Summer Vacation: Keeping Your Practice Going and Your Cash Flowing

Summer Vacation: Keeping Your Practice Going and Your Cash Flowing

Summer is here and everyone in your office wants to take extended time off to go to the beach or to be with family…your partners, your nursing staff, your biller–and so do you! You think to yourself, “Let’s just close the office for a month-long August vacation.” But then reality hits and you remember if you don’t see patients and process claims, then you don’t bring in any money and no one gets paid. Argh…what are you supposed to do?

It’s important to remember that this is a predictable problem every summer, and good planning goes a long way in serving your patients, your practice, and your staff.  First, look at your patient needs. Many parents prefer their school-aged children have their annual well visit in the summer when they don’t have to be taken out of school. Can you off-load some of this demand proactively in the spring with increased early morning and late afternoon visits? Do you decide to stay later on Thursday evenings in the summer and only work Friday morning so that everyone gets an early start on their weekend (except for the doc on call)? Can you better coordinate your staff vacation schedule with your provider vacation schedule? Clearly if you have a provider on vacation, you are seeing fewer patients in the office and have less staffing needs. It is likely that your triage phones ring less, and you can repurpose these folks to do care coordination for your special needs population.  Or they can recall your asthma patients who need a “tune up” (with meds ready to go) before they head back to school in September.

Look at your prior year’s calendar for trends of unfilled slots or missed appointments to help guide you in making better decisions this year. “But we have always done it this way” should never get in the way of innovative solutions that lead to improved operations. Create a work group in your office to strategize this problem. The more input from multiple stakeholders, the more likely everyone will be happy with a compromise solution. Don’t forget to make sure the patient/family is represented in these brainstorming projects!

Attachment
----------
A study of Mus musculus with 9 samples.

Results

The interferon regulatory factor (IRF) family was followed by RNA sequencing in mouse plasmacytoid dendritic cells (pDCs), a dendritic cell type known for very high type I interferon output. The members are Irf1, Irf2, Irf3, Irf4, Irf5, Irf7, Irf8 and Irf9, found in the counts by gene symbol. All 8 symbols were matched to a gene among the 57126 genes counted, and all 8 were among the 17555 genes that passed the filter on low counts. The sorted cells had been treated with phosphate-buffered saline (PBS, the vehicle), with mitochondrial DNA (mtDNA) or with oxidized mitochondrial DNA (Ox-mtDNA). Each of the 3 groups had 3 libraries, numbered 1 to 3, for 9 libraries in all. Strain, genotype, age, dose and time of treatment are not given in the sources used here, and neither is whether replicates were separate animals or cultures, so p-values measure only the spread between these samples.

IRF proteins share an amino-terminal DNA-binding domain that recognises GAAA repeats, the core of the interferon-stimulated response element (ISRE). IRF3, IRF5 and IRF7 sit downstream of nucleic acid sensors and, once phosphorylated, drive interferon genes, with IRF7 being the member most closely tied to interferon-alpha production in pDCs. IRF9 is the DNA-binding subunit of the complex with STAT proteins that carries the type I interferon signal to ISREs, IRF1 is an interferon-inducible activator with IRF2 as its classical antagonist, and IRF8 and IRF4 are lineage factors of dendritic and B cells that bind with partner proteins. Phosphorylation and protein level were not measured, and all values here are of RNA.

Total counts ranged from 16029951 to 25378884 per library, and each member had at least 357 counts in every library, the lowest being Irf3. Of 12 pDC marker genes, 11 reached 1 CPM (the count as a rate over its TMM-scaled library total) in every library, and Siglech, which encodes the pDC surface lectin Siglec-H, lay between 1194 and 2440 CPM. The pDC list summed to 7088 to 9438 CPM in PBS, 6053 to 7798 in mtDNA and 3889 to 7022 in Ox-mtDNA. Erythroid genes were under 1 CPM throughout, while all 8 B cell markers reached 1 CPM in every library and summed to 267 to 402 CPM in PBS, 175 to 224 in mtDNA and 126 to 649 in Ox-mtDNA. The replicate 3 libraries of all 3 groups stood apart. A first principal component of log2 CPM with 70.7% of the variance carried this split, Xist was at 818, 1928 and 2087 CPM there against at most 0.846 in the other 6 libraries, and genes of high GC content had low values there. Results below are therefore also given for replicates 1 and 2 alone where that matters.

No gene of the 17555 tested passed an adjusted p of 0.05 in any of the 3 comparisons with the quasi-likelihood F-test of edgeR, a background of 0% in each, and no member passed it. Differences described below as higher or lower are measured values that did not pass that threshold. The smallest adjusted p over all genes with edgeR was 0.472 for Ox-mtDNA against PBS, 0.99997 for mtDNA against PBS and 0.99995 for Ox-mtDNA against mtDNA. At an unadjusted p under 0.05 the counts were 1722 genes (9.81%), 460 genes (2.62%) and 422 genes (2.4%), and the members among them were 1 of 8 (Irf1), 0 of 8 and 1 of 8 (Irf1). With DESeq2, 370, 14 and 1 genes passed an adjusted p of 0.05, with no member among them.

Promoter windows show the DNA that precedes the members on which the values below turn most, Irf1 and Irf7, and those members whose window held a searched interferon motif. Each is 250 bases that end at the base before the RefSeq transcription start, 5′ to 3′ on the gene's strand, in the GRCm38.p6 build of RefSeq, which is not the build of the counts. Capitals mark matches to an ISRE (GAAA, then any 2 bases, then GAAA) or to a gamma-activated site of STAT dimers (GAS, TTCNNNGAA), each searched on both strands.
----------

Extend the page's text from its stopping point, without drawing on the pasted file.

Summer always means a higher number of no-shows for appointments. How can you improve this? I would recommend reviewing appointment confirmation practices and adjusting them as necessary. Here are some suggestions for filling open slots and last minute cancellations:

  • Text a reminder to the parents’ cell phone the day before an appointment and ask them to call if you if they need to reschedule an appointment.
  • Assess a $$ fee for missed appointments not cancelled 24 hours prior to the scheduled appointment time
  • Create a “cancellation list” you can use, or “tweet” that you have some same day well-visit appointments open, so patients can “call now” to take advantage of the opening
  • Go to totally open access scheduling in the summer. Use your EHR to proactively generate a list of coming due or overdue patients, contact them and get them in. Well visits are the lifeblood of the pediatric practice!

So you have the patients coming and staff to take care of them….but what if your biller wants to take an extended vacation? (Or worse yet, what if she is taking maternity leave!) Many organizations offer temporary billing solutions for situations just like these. Some organizations can actually log on remotely and do the work inside your system so you can have direct oversight. Do your homework ahead of time, choose wisely and keep those claims going out and payments coming in!  When you take the time to plan ahead, you can relax and put your feet in the sand knowing your practice will continue to be profitable.